Call for setting up Rail Traffic Authority

NEW DELHI, JULY 20. The Planning Commission has taken the Railway Minister, Ms. Mamata Banerjee, to task for not fulfilling the promise of restructuring the passenger fare and freight structure.

Setting the agenda for the Railway Minister, the panel said phased adjustment of the tariff over the next two years was ``absolutely crucial'' and called for setting up a Rail Traffic Authority on the lines of the Telecom Regulatory Authority of India to fix tariffs without any political pressure.

``The 2000-2001 Budget speech of the Railway Minister indicates a five per cent increase in freight rates.

Although the latest Railway budget claims to have rationalised the fare structure, no tangible steps have been taken in this direction.

On the contrary, the decision of not increasing the second class fare or increasing it marginally during the first three years of the Ninth Plan and consequently sparing more than 90 per cent of inter-city passengers from any fare increase implies that cross subsidisation has actually increased,'' the Commission noted in its mid-term appraisal of the railway sector.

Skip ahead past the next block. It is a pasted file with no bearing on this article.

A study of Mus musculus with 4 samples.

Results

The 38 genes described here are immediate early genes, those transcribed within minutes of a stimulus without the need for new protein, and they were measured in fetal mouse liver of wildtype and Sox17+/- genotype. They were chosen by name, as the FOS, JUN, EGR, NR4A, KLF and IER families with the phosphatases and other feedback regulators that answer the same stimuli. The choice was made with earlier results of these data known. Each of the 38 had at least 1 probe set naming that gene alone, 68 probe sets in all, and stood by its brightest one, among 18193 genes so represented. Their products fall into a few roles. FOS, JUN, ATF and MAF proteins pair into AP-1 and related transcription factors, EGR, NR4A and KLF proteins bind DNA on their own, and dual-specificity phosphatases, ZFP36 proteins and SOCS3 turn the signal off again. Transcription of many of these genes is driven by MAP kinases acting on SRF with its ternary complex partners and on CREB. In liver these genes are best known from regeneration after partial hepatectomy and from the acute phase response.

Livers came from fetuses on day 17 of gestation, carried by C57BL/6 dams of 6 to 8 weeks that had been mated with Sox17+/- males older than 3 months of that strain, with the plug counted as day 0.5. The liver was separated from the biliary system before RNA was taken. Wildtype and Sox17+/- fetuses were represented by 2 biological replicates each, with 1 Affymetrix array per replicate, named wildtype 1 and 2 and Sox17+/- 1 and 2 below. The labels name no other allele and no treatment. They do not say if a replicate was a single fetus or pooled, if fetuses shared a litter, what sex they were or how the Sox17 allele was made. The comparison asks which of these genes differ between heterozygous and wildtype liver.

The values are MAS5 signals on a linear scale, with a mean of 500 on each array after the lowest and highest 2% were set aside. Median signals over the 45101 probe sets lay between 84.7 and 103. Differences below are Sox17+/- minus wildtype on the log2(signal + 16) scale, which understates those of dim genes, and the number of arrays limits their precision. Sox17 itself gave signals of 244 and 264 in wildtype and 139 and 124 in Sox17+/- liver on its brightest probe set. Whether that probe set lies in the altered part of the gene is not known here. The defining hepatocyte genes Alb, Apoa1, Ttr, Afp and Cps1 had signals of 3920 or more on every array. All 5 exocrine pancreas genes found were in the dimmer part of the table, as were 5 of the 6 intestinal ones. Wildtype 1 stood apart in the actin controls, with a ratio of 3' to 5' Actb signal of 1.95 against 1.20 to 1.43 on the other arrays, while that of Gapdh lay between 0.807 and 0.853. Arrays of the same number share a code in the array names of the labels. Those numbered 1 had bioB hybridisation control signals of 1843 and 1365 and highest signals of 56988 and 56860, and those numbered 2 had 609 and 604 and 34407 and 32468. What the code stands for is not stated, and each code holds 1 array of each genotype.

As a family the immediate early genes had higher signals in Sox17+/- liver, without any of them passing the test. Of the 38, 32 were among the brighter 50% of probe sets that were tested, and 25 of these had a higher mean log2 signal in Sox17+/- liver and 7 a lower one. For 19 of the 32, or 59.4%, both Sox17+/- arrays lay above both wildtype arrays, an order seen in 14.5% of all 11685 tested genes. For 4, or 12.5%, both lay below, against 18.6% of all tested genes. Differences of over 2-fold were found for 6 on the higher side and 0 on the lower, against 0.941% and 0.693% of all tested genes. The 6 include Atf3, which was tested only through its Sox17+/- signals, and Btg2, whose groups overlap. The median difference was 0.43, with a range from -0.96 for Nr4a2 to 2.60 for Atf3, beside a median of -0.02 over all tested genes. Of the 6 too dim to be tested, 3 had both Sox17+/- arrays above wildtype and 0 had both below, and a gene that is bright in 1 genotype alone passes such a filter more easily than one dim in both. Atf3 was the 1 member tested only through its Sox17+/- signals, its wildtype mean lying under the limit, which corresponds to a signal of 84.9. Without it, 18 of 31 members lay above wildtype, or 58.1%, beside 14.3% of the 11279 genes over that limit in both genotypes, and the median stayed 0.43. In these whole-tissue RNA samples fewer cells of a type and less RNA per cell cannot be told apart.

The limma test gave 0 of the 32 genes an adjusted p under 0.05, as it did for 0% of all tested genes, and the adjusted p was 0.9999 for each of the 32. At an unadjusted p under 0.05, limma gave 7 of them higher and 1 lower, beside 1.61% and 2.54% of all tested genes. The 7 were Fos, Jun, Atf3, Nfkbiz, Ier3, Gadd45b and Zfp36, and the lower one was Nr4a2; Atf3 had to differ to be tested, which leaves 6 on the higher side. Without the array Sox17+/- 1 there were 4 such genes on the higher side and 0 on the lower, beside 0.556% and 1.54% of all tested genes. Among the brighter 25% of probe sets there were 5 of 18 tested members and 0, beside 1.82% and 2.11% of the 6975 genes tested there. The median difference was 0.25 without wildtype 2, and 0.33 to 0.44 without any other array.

The bane of the Railways has been that freight rates are increased in order to make up for the loss incurred in operating passenger services.

As a result, a considerable chunk of the traffic that could have accrued to the Railways goes for the road option.

The lopsided passenger fare and freight rate has been vividly brought out in the Planning Commission's appraisal.

Passenger services in `99-00 were estimated to account for 59 per cent of the total traffic but contributed only 30 per cent of the revenue.

Freight services on the other hand constituting 41 per cent of the total traffic generated 70 per cent of the railways' income during any given year.

But the Railways management headed by Ms. Banerjee remained oblivious to these findings.

She increased freight rates by five per cent in the latest budget and left passenger rates untouched despite the fact that freight rates were increased by four per cent in `99-00 and a whopping 12 per cent in `97-98.

In these circumstances, the panel regretted that ``no significant progress had been made to rationalise fares and align passenger fares more closely with cost to reduce the extent of cross- subsidisation''.